The Texas Observer has published my tribute to Molly Ivins. I won't repeat
it here, except for a small part. The "final Fridays" were a monthly event,
held for years at Molly's house until her health made it impossible to go
"I used to go to the final Fridays late, after the slam poets were done,
after the party had quieted down some and mainly the bitter-enders were
left, just so I could sit among the butts and bottles like a bad child, and
listen to the rowdy tales and feel part of our group - the hard-core
liberals in Texas. And just so I could watch her flash that smile, and hear
her call me sweetheart now and then.
"Molly was our magnet, our long memory and our cutting edge. She had a
fine, sharp pen, but she was at her best, I think, at home, in company,
spinning tales, honing her perfect comic pitch, that fine mix of the
telling and tawdry that so captured the spirit of Texas."
Sunday morning after this appeared, I received an email, from a retired
professor of English in the very deep South. I paraphrase:
"Galbraith, what do you mean by that phrase, 'spirit of Texas?' I stopped
reading Ivins when she started to use obscenity. Is that a reflection of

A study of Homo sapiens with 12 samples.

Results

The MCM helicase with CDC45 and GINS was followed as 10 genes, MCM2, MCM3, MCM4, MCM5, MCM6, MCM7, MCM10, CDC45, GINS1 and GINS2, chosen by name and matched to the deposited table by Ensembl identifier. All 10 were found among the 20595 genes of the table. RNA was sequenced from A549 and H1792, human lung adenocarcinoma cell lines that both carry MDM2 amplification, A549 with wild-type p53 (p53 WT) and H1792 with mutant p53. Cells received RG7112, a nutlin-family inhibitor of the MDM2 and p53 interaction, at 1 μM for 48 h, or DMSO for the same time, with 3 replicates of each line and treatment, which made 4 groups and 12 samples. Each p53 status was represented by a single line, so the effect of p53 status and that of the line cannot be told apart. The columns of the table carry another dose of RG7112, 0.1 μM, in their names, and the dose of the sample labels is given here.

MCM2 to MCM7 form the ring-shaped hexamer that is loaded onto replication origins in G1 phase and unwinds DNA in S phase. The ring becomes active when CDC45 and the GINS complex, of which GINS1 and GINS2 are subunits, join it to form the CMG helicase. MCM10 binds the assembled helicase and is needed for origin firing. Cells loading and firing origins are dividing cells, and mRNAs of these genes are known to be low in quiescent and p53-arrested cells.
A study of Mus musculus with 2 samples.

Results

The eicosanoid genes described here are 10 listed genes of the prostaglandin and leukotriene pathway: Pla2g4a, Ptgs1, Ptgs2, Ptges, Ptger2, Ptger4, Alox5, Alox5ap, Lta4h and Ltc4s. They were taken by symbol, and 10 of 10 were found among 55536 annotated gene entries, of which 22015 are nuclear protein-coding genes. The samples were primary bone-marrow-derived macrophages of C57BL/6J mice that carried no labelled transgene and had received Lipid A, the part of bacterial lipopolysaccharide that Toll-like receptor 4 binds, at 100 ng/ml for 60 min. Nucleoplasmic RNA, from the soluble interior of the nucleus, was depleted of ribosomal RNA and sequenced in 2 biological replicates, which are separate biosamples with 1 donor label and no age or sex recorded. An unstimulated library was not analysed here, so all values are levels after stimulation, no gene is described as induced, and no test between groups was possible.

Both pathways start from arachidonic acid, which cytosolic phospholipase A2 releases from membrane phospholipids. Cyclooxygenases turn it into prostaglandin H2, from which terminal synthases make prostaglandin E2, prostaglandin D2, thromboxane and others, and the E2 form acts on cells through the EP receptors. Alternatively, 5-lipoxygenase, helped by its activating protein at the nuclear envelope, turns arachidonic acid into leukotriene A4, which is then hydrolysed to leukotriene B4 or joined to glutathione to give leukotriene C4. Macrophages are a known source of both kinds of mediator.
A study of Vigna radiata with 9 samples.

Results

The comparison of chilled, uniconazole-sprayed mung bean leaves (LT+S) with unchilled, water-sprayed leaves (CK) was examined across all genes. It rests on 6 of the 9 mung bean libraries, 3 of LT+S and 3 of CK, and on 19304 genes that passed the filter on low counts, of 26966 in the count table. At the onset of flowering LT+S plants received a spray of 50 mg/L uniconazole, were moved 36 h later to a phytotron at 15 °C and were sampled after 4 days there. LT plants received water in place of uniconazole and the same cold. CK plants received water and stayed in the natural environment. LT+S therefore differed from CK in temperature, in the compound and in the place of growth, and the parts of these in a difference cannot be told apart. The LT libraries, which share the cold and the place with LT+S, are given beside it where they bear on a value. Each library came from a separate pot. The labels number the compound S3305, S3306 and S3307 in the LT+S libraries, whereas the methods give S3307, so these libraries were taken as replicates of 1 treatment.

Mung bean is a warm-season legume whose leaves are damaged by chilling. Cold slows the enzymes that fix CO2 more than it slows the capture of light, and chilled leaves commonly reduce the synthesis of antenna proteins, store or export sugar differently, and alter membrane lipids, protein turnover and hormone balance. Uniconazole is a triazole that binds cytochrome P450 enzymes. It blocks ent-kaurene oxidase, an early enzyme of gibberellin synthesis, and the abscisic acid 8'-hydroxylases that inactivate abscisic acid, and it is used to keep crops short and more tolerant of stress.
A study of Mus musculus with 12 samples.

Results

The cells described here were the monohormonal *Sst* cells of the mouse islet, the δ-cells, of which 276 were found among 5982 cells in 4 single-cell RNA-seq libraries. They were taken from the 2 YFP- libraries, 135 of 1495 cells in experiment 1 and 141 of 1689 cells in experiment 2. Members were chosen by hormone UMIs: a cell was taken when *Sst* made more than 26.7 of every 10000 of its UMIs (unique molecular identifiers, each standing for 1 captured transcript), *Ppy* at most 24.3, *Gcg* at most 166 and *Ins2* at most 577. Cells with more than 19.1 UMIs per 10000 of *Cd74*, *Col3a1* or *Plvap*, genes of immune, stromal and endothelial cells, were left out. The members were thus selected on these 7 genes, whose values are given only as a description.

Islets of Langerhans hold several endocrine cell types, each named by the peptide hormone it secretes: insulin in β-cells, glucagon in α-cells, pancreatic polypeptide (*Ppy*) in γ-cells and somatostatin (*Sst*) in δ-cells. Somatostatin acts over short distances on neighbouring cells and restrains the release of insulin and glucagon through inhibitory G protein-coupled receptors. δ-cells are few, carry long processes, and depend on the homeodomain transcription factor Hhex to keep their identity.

the spirit of Texas?"
So I wrote back, a two-line email, quoting the immortal lyrics of Tom
"As the judge remarked the day that he acquitted my Aunt Hortense,
To be smut, it must be utterly without redeeming social importance."
An email came back: "Truthfully, I do not understand."
My reply was roughly this:
"Molly Ivins did not use obscenity. Obscenity is committed by the strong
against the weak. Gentility is how the weak are obliged to submit. When you
talk back, in whatever language is effective, that's not obscenity, but
"And by the way, this business of dirty words is culturally specific.
Around here, there are no dirty words. And that, of course, is what I meant
by 'spirit of Texas.' "
We sent Molly off Sunday afternoon, at the First United Methodist Church in
Austin, Texas, to the strains of Marcia Ball singing "Great Balls of Fire."